The age-old adage is early to bed and early to rise. Celebrities and CEOs do it. You’ll be healthier and happier. You’ll feel in control of your life.
But despite the deluge of such stories, waking up at an ungodly hour isn’t some sort of magic productivity hack that will solve your time-management problems. For some, it can even be counterproductive.
The trick is finding a routine that fits your situation, according to a BBC.com feature.
What are the benefits of getting up early?
There can be lots – at least, according to all the people who get up at daybreak.
Many people cite fewer distractions during the early hours: kids or anyone else in your home are probably still asleep, for example, and you’ll probably be receiving fewer texts or emails at that time. Studies have also suggested early rising and success might be linked.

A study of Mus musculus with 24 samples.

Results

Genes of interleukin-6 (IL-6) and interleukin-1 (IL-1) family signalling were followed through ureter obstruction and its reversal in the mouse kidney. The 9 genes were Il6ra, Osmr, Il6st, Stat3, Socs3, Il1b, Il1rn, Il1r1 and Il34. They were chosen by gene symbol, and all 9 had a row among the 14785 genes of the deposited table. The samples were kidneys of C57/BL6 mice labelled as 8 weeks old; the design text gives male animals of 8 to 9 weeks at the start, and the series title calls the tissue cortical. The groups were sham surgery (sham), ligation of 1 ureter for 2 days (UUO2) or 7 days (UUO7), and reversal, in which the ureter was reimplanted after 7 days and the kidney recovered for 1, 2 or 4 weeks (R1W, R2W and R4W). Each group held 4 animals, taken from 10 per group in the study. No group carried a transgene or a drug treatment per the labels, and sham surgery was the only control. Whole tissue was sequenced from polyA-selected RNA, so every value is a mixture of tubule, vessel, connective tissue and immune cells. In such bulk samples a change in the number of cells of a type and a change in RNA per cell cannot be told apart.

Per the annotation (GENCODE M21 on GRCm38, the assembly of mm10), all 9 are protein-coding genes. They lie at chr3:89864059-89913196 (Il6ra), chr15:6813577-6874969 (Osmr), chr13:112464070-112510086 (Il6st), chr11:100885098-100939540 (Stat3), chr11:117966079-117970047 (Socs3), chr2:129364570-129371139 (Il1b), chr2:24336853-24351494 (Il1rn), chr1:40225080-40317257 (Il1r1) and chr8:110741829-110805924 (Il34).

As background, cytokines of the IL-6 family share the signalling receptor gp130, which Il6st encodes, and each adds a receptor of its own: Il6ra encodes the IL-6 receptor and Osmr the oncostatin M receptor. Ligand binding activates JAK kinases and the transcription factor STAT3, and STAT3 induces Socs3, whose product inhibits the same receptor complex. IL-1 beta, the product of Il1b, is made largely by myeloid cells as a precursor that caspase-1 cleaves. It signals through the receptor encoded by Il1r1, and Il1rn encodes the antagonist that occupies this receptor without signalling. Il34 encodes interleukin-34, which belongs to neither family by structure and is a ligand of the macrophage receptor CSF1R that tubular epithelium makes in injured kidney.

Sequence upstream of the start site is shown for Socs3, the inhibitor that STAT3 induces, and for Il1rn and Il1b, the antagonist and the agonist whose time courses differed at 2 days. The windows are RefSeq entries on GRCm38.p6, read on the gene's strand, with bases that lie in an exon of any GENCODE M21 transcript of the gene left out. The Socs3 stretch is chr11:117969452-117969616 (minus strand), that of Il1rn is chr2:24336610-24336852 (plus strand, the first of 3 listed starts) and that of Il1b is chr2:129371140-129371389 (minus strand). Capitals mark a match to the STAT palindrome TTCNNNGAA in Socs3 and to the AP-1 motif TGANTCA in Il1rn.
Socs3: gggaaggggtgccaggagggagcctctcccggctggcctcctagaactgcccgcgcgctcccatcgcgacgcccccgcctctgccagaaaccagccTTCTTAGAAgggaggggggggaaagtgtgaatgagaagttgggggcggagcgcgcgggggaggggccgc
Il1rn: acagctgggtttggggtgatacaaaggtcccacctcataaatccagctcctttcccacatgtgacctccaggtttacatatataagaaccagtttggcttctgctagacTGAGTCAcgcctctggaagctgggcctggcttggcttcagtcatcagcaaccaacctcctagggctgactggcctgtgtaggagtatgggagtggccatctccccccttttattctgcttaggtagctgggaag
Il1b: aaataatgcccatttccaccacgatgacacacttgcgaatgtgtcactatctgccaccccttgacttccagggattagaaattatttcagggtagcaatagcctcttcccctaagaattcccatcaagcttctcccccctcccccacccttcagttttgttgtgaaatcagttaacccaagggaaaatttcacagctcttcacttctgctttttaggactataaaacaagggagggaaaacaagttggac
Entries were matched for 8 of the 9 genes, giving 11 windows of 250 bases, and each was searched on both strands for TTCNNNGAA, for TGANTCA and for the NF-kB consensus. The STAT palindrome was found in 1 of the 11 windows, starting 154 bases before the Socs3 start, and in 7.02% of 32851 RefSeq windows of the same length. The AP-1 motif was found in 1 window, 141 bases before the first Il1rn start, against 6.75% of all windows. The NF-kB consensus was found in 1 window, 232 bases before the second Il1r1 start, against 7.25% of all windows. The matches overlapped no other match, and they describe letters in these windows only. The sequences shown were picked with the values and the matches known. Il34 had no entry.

But getting up early isn't for everyone.
There’s been lots of research about how some people are biologically more likely to feel more alert in the morning, while others are at their best at night. You might be more alert and have better cognitive ability in the afternoon, for instance.
So, if you don’t naturally feel alert in the morning but decide to wake up early anyway, you might be sabotaging your actual peak performance times.
What should you do?
Experts say to experiment. Don’t listen to vocal thought-leaders or LinkedIn influencers – figure out what works best for you. And, hey, maybe that does mean waking up super early after all.
Pay attention to when you feel most tired and most awake. When on holiday, make a note of the times you fall asleep and wake up naturally. Try to sync your schedule to those times.
When it comes to the workplace, experts suggest an approach that accommodates everyone’s habits to bring out the best in them.
Don't wake up early just to get on the early-riser bandwagon.